What Happens if Greece Leaves The Euro?
This week, the world’s eyes are focussed on Greece as it prepares to hold a crucial referendum on how to proceed.
While the Greeks are deciding what’s best for their nation, international markets and investors are listening in.
Here, our Hertfordshire financial advisors will discuss what the impact of Greece leaving the euro would be for the international money markets, and whether this will have any impact on your personal investments or pensions.
Taking the first steps
If the Grexit proceeds, it will need to establish a new currency as a priority. This is not a straightforward task, but one that could be beneficial for Greece, despite not being cost-free.
With a national debt of €320bn, the country needs to act fast, and with the deadline looming for the nation to reach a deal with its creditors and making a €1.6bn IMF payment, or risk losing its €7.2bn bailout fund.
While some internal to the government believe a last-minute deal at 5 to midnight is on the cards, others are less optimistic, resulting in a ‘no-deal’ and the introduction of a new currency.
Facing the fallout
According to David Puth, CLS chief executive “The introduction of a new currency is complex when done in a planned way”, he says.
“When done suddenly and under duress, the process will be disruptive with many unintended consequences that cannot all be anticipated.” Ultimately, this means that whichever route Greece takes out of its troubles, it will not be straightforward. It will take time, and there will be ups and downs, resulting in chaotic market reactions.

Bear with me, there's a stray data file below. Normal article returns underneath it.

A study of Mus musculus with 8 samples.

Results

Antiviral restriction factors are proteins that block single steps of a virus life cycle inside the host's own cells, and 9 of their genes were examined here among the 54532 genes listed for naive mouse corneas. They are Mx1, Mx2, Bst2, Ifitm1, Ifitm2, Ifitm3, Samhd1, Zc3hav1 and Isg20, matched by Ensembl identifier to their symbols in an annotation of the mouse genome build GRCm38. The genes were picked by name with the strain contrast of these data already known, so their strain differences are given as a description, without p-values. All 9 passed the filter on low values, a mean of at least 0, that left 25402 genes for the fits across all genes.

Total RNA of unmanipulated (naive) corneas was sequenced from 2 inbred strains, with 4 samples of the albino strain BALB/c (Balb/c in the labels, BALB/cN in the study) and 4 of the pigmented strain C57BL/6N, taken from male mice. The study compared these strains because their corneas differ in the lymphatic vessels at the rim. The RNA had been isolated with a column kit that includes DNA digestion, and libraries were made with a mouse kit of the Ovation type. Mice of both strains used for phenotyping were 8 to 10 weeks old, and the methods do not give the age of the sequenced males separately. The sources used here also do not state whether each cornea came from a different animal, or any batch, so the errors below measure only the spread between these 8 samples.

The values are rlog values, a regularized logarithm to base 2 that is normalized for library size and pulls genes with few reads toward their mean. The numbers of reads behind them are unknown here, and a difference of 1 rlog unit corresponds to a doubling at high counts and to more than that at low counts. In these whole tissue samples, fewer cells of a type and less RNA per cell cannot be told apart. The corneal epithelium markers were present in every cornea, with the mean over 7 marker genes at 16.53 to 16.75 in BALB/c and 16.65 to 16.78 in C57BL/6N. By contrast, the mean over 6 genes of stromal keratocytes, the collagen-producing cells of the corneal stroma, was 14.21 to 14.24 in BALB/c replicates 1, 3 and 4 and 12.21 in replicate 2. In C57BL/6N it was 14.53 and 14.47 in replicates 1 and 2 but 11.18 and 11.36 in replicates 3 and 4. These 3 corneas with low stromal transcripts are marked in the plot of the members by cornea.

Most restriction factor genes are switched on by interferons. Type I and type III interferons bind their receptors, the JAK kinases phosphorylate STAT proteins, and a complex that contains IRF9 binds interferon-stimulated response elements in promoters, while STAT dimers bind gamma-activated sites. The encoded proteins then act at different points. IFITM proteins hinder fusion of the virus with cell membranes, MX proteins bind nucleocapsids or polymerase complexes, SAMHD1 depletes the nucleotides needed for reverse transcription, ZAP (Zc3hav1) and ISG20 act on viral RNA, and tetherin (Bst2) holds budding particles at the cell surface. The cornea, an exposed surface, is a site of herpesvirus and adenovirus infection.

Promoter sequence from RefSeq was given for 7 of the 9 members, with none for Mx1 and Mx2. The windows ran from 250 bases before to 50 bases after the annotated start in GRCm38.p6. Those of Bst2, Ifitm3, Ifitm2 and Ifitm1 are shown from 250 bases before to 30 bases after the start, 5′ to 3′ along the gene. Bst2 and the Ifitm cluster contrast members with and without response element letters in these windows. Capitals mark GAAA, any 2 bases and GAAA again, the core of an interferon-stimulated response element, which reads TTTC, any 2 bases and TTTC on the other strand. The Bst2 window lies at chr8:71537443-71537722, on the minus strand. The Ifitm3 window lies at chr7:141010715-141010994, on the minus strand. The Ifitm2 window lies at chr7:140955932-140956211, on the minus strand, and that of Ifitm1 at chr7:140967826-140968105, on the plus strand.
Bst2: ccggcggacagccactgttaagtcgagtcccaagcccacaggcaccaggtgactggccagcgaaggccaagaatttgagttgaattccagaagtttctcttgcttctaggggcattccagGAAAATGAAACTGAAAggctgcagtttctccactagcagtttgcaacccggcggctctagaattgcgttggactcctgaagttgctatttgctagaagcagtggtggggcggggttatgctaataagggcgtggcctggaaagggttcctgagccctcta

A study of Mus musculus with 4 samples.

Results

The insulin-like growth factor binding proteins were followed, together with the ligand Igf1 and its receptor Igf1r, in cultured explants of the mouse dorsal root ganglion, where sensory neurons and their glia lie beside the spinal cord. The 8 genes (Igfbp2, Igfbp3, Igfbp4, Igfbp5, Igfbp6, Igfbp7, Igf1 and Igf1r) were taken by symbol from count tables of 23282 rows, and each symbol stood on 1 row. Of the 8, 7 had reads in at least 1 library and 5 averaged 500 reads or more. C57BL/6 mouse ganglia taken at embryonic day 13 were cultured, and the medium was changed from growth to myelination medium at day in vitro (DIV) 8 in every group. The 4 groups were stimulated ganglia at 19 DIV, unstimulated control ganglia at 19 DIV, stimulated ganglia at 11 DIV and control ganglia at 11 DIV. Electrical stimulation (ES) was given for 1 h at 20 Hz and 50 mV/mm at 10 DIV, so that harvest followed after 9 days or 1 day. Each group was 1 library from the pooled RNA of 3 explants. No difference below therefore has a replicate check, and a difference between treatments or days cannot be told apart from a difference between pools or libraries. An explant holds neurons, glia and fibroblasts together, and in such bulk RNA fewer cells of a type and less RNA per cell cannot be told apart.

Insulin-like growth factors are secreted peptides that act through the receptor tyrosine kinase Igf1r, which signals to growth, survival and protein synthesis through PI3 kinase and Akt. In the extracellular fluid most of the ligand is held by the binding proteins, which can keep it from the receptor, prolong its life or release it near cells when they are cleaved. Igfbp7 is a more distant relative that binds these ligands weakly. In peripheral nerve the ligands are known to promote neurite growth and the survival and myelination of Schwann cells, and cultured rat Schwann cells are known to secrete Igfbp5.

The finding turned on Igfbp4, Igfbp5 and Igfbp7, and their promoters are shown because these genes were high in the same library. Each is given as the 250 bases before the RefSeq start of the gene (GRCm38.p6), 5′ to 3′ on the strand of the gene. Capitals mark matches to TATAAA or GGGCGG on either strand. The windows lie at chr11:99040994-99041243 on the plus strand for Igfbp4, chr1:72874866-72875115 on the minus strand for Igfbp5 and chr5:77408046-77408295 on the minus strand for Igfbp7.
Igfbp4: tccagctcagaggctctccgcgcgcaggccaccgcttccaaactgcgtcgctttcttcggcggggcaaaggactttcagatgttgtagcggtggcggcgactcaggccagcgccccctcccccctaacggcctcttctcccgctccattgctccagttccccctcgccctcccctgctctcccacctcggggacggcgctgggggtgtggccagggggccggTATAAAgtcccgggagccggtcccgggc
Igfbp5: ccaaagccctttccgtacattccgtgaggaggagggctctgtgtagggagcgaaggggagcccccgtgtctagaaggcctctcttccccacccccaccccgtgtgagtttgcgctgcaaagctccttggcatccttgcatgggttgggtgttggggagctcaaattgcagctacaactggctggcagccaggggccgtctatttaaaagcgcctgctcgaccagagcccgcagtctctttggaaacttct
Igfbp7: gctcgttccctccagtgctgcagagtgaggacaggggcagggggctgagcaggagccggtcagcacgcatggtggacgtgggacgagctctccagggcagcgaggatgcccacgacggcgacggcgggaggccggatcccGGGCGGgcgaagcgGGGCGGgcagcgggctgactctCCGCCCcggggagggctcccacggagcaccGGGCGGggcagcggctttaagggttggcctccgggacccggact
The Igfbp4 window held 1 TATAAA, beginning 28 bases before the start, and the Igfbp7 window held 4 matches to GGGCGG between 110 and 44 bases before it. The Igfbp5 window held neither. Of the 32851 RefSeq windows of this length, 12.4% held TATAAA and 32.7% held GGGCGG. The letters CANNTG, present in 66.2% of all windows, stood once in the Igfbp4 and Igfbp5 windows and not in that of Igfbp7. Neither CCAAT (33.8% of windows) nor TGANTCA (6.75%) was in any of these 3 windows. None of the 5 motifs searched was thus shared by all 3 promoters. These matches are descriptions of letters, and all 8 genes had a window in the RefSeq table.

Impacting the euro
The impact of Greece leaving the euro could be sizable. It might even change the dynamic of the Eurozone that’s existed since its conception: that Eurozone membership is a club you can join but cannot leave.
This has a trickle down impact on all those with investment interests in the eurozone, including private investors and corporations with exposure to the territory.
According to FT, an example would be a non-Greek manufacturer whose assets and revenue are in their native territory, but whose financing is done in euros.
For Greece’s sake, forex experts like James Wood-Colins, chief executive of Record Currency Management, believe the nation should establish re-denomination swaps that would establish the exchange cost of moving from euro to a new domestic currency.
This would, in his words “put a price on the likelihood and impact of a country leaving the eurozone”.
The impact on UK investors
So what does all this mean for UK investors? Our Hertfordshire financial advisors will act as your guide through this troubling time, steering you through the murky waters to a strong investment portfolio.
If your portfolio reaches into the eurozone, consult your portfolio manager. Our Hertford financial planners can help you to minimise your exposure to any damage caused by the Greek exit. Speak with one of our financial advisors today.